City to Give $1 Million Per Year to SL Hospital PDF  | Print |  E-mail

By Amy Sylvestri

San Leandro Times

The City Council voted Monday night to create a plan to give $1 million annually for at least the next three years to the county to help keep San Leandro Hospital running with an emergency room.

The money will go to the Alameda County Medical Center (ACMC), which hopes to run the hospital with money from San Leandro, the Eden Township Healthcare District (ETHD), and county and federal funds.

ETHD is also in the early stages of planning a parcel tax to fund the hospital, which would go on a special ballot next year.

ACMC CEO Lassiter Wright told the City Council that joining a group of other local hospitals is the only way “stand alone” facilities can survive in the current health care climate.

Wright also said that the county would be the biggest financial stakeholder in the hospital and that he “wouldn’t be here” if he didn’t think having San Leandro Hospital join ACMC would benefit the city and the county and be financially successful.

County Supervisor Wilma Chan also spoke at the meeting, telling the council that helping the hospital join the ACMC would be a “win-win” for the county.

Under the current plan, the hospital would operate as is for at least three years and then go to a “hybrid” system and replace some acute care beds with rehabilitation services, but always keep the emergency room and ICU open.

“Rehab is a money-maker,” said Chan. “The hospital could remain open indefinitely.”

Sutter Health had wanted to convert the hospital to a rehabilitation-based facility, which caused a lot of public outcry, but the difference with the hybrid model would be that the emergency room would remain open.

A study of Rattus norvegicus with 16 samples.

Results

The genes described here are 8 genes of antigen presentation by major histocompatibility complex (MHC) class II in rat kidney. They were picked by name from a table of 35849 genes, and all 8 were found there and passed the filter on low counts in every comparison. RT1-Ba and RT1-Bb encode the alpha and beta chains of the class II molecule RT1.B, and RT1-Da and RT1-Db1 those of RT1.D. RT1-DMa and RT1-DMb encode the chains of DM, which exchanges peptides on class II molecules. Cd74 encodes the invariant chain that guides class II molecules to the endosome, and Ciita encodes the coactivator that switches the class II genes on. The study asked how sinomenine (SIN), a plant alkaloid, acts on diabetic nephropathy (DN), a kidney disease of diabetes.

The hospital is currently owned by Sutter Health, which has no obligation to go along with the ACMC plan. Councilwoman Ursula Reed expressed concern that all these plans would be for nothing if Sutter chooses not to play ball.

Wright said that he understands that concern, but believes Sutter will go along with the deal.

“Your radar that is going off is probably an appropriate reaction,” Wright told Reed. “But I believe there is a real interest from Sutter in finding a solution.”

The council approved the $1 million annual funding, 6-1, with Councilman Tom Duglosh dissenting, citing the possibility of Sutter’s refusal as the reason for voting no.

Sutter asked the ACMC for an offer by Nov. 7, something that Council members Diana Souza and Pauline Cutter said felt rushed, but both voted in favor of giving the money to the county.

The money the city has pledged would be contingent on Sutter’s agreement, so no money would change hands if the deal falls through.

Over a dozen public speakers took the microphone, mostly doctors and nurses, and each in favor of any plan that would keep the San Leandro Hospital running with an emergency room.

Mayor Stephen Cassidy called the city’s payment “like an insurance policy” to keep health care options open in the city.